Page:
UNH Media Relations
Reporters and editors: Fact sheet author Ross Gittell is available for comment: email@example.com or 603-862-3340.
DURHAM, N.H. – New England’s population growth has lagged behind the rest of the nation’s since 2000; a new analysis of 2004-2006 data by the Carsey Institute at the University of New Hampshire indicates the trend is more pronounced during that time period. Northern New England states, however, have reversed the trend of declining young adult populations. Maine, New Hampshire and Vermont all experienced growth in their young adult populations that was greater than the U.S. average.
New England’s population grew by just 0.2 percent from 2004-2006, compared to 2.1 percent growth in the U.S. New Hampshire had the strongest population growth in the region – 1.2 percent. Rhode Island was one of only three states in the U.S. to lose population in that time period (the others were Michigan and Louisiana).
All New England states continue to have young adult (25-34) population percentages below the U.S. average of 13.5 percent, and all New England states except Massachusetts rank in the bottom 10 (out of 50) in the percentage of total population that are in this young adult cohort. Massachusetts and Rhode Island had the third and fourth steepest declines in young adult population in the nation, exceeded only by Louisiana and North Dakota.
“This is a relatively unattractive region to younger people,” says fact sheet author Ross Gittell, a senior fellow at the Carsey Institute and James R. Carter Professor of Management at UNH’s Whittemore School of Business and Economics. “This is troubling, as young adults provide a dynamic labor force as well as significant contributions to the cultural, economic, and social life of a region.”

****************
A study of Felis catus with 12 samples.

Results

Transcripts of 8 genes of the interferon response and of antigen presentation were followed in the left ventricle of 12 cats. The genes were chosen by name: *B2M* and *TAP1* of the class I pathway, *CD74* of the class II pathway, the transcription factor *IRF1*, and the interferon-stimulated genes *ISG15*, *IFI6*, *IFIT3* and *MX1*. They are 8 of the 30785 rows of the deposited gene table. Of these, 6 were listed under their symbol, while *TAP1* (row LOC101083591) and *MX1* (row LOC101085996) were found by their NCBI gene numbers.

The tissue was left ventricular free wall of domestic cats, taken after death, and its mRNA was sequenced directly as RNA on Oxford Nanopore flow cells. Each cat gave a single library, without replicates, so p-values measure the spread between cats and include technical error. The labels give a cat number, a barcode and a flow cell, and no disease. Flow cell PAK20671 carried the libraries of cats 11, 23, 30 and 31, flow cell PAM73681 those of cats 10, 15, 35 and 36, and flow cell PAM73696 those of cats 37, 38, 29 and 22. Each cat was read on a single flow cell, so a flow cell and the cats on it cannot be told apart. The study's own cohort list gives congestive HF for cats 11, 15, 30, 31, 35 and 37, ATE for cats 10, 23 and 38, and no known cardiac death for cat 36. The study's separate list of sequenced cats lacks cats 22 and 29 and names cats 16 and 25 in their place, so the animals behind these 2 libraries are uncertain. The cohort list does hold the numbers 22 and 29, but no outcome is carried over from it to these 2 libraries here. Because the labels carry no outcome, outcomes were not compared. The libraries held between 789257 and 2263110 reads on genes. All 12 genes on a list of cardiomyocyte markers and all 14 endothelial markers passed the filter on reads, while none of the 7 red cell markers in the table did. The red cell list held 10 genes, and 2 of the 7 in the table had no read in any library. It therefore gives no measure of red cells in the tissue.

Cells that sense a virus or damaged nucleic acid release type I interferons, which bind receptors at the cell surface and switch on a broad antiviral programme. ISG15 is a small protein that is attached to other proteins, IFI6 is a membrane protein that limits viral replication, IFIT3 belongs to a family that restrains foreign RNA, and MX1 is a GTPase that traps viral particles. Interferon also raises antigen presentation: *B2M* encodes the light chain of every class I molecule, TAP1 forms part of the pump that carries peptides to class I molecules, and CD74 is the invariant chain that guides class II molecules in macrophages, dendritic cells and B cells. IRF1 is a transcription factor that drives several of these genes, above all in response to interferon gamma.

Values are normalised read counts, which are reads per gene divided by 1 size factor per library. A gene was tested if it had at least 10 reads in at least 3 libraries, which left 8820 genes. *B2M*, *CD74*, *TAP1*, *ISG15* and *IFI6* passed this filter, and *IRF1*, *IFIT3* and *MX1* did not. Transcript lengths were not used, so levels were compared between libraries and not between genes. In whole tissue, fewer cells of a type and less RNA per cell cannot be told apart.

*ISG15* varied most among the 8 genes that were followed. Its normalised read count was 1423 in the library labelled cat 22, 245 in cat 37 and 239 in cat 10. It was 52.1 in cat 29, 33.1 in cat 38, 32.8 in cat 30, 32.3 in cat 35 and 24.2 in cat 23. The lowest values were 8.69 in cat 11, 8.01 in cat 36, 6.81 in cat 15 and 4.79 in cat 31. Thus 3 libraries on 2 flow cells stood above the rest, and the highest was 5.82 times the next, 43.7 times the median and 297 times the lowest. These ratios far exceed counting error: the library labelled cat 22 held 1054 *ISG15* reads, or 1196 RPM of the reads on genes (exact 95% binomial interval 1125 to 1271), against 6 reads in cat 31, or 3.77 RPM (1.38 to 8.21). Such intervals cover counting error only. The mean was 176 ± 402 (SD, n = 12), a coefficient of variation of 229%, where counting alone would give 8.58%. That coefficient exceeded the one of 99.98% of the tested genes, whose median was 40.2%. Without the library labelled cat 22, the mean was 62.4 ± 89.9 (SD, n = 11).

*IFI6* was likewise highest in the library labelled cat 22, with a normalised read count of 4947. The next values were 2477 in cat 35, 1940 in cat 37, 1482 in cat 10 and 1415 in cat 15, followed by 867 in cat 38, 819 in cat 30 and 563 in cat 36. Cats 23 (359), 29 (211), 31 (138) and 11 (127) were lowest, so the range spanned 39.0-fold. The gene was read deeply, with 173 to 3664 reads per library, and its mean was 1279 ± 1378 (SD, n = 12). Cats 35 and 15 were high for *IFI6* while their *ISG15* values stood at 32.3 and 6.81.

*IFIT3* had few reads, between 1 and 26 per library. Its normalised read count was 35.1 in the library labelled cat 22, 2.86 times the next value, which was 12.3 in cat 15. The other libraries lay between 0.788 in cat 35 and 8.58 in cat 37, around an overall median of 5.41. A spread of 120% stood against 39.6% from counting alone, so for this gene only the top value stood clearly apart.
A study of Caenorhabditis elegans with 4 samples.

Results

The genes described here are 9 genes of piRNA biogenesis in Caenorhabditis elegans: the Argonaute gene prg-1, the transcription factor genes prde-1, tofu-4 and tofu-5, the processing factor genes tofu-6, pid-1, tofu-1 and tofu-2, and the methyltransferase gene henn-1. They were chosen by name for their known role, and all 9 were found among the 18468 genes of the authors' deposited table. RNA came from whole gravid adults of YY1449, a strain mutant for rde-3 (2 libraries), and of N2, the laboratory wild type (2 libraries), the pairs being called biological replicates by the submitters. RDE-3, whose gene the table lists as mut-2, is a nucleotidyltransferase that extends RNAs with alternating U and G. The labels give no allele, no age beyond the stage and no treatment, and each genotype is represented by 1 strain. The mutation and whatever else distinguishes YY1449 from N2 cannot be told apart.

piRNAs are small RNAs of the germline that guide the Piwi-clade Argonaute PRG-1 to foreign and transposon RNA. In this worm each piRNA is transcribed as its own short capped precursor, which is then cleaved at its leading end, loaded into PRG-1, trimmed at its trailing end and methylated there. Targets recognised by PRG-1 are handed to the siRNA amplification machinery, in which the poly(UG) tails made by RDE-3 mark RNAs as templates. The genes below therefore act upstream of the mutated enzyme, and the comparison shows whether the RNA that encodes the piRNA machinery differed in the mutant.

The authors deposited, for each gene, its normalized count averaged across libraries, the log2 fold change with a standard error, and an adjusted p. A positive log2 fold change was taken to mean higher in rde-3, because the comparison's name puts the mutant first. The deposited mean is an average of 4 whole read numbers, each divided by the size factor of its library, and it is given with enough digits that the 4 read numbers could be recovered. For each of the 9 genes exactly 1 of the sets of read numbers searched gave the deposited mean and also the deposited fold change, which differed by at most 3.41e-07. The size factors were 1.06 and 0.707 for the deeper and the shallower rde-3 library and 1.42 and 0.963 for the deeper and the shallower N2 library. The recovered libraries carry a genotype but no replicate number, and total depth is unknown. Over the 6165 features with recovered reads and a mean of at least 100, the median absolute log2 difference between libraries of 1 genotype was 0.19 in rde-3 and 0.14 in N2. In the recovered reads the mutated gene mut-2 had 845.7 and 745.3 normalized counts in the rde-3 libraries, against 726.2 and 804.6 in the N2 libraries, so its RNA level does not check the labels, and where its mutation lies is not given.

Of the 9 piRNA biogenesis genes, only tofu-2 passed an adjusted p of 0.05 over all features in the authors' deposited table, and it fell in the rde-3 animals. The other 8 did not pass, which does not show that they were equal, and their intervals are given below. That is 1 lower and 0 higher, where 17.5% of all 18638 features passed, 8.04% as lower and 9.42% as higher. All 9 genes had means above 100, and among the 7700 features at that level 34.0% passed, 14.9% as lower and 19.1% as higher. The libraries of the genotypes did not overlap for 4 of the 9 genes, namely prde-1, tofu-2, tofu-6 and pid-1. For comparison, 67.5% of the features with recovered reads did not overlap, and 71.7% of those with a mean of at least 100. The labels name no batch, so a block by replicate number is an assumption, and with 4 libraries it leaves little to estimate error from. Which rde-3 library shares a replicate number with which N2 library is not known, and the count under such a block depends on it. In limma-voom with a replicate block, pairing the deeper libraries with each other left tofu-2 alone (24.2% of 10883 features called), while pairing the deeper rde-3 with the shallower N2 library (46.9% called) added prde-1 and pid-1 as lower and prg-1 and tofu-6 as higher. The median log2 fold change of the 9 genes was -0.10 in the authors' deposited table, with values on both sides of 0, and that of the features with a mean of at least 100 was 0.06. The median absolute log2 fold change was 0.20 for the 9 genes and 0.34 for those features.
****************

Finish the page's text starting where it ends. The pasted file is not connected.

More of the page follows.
The fact sheet, “Demographic Alert Update: Mid-Decade Population Trends in New England,” is available here: http://www.carseyinstitute.unh.edu/documents/NHYoungAdults.pdf. For more information on the Carsey Institute, go to www.carseyinstitute.unh.edu.
The Carsey Institute at the University of New Hampshire conducts research and analysis on the challenges facing families and communities in New Hampshire, New England, and the nation. The Carsey Institute sponsors independent, interdisciplinary research that documents trends and conditions affecting families and communities, providing valuable information and analysis to policymakers, practitioners, the media, and the general public. Through this work, the Carsey Institute contributes to public dialogue on policies that encourage social mobility and sustain healthy, equitable communities.
The Carsey Institute was established in May 2002 through a generous gift from UNH alumna and noted television producer Marcy Carsey.